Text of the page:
TWO Germanys or one? The leaders of today's two German states disagreed at once over this issue when Erich Honecker, leader of the Communist German Democratic Republic, made a historic visit to West Germany this week as the guest of Chancellor Helmut Kohl. The answer remains two Germanys, for as far ahead as can be seen. The constraints on Mr. Honecker within the East bloc and on Dr. Kohl in the West to observe the division of the Germans, and of Europe itself, still set limits on how far the two leaders can go. Taboos attached to the 38-year-old division, rooted in the fear of a reunified, powerful Germany at Europe's center, persist.
More positive factors were at play, too. Honecker's visit benefited from current efforts to reach a midrange nuclear arms accord between Moscow and Washington. Mikhail Gorbachev has been wooing Kohl and Honecker and everyone else in sight with his policy of glasnost, or openness - and what better way to illustrate a more humane dividend of that policy than by letting the senior Honecker return for a sentimental visit to his Saarland home? Presumably a greater sense of self-confidence in Warsaw as well as Moscow made the Honecker visit appear less of a risk.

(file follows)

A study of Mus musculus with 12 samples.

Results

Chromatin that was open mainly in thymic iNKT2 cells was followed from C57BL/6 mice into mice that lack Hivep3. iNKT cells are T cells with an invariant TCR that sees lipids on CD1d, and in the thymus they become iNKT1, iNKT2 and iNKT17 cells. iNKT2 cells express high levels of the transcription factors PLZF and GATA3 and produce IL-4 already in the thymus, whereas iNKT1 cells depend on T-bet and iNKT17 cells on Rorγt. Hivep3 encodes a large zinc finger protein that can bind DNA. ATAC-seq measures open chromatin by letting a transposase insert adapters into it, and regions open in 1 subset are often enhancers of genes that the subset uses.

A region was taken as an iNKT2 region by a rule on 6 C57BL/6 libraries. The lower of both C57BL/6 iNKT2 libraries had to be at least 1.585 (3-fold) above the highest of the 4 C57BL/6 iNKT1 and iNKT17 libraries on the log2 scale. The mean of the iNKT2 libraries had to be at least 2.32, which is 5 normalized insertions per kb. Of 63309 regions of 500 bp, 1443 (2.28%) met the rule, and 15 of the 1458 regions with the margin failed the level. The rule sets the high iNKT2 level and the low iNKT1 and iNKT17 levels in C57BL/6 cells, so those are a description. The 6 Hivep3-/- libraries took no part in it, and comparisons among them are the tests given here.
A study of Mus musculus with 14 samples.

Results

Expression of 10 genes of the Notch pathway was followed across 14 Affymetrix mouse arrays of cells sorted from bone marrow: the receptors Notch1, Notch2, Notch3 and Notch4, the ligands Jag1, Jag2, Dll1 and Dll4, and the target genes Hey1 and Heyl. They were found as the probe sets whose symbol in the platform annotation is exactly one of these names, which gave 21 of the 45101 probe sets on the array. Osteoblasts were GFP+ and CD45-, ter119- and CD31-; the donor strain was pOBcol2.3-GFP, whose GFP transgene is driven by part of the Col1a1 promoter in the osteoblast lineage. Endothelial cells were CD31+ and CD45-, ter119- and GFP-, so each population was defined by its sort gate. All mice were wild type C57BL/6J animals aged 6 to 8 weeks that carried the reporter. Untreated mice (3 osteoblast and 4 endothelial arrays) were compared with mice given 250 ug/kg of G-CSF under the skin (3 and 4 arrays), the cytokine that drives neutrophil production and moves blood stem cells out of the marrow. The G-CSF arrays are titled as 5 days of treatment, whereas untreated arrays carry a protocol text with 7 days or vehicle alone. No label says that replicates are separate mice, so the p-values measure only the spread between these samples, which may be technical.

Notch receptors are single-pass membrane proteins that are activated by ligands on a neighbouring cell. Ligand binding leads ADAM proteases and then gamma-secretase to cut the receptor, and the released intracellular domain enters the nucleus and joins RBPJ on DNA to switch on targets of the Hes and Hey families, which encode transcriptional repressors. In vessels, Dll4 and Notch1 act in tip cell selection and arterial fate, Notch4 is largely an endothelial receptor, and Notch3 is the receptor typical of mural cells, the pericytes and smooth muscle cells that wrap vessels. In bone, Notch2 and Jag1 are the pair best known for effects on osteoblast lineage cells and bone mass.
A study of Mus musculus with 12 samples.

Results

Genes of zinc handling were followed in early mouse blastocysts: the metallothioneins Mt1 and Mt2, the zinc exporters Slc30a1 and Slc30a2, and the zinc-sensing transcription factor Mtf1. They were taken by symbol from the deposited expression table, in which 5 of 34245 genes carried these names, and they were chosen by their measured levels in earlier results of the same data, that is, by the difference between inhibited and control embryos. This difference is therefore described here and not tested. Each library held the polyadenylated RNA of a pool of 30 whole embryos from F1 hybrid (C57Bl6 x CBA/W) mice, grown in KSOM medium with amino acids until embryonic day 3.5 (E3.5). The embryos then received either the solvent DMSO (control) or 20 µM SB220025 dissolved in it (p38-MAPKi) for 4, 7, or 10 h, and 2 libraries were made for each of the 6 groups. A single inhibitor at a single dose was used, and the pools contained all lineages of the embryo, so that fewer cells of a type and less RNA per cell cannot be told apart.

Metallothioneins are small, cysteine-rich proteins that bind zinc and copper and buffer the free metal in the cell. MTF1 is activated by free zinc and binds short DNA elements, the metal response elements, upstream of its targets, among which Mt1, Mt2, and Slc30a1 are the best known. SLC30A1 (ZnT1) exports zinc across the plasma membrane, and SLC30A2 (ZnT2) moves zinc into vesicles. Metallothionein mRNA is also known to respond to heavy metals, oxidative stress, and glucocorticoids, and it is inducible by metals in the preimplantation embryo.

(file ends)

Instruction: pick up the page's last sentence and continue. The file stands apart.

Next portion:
Protocols in Bonn left enough ambiguity to please both sides - a near-state visit to suit the East Germans' insistence on permanent separation as well as the West Germans' constitutional aim of reunification.
Differing tendencies over the future of the Germanys are at play. Younger Germans grow accustomed to separate states reflecting communist and capitalist cultures. Yet the two Germanys remain major achievers in their separate economic spheres, and their placement at Europe's center serves to emphasize their common interests.
The easing of tensions sufficiently to allow the visit of Honecker was welcome. Other reminders of the East-West division's inhumane side, like the Berlin Wall, should also be relegated to history's past.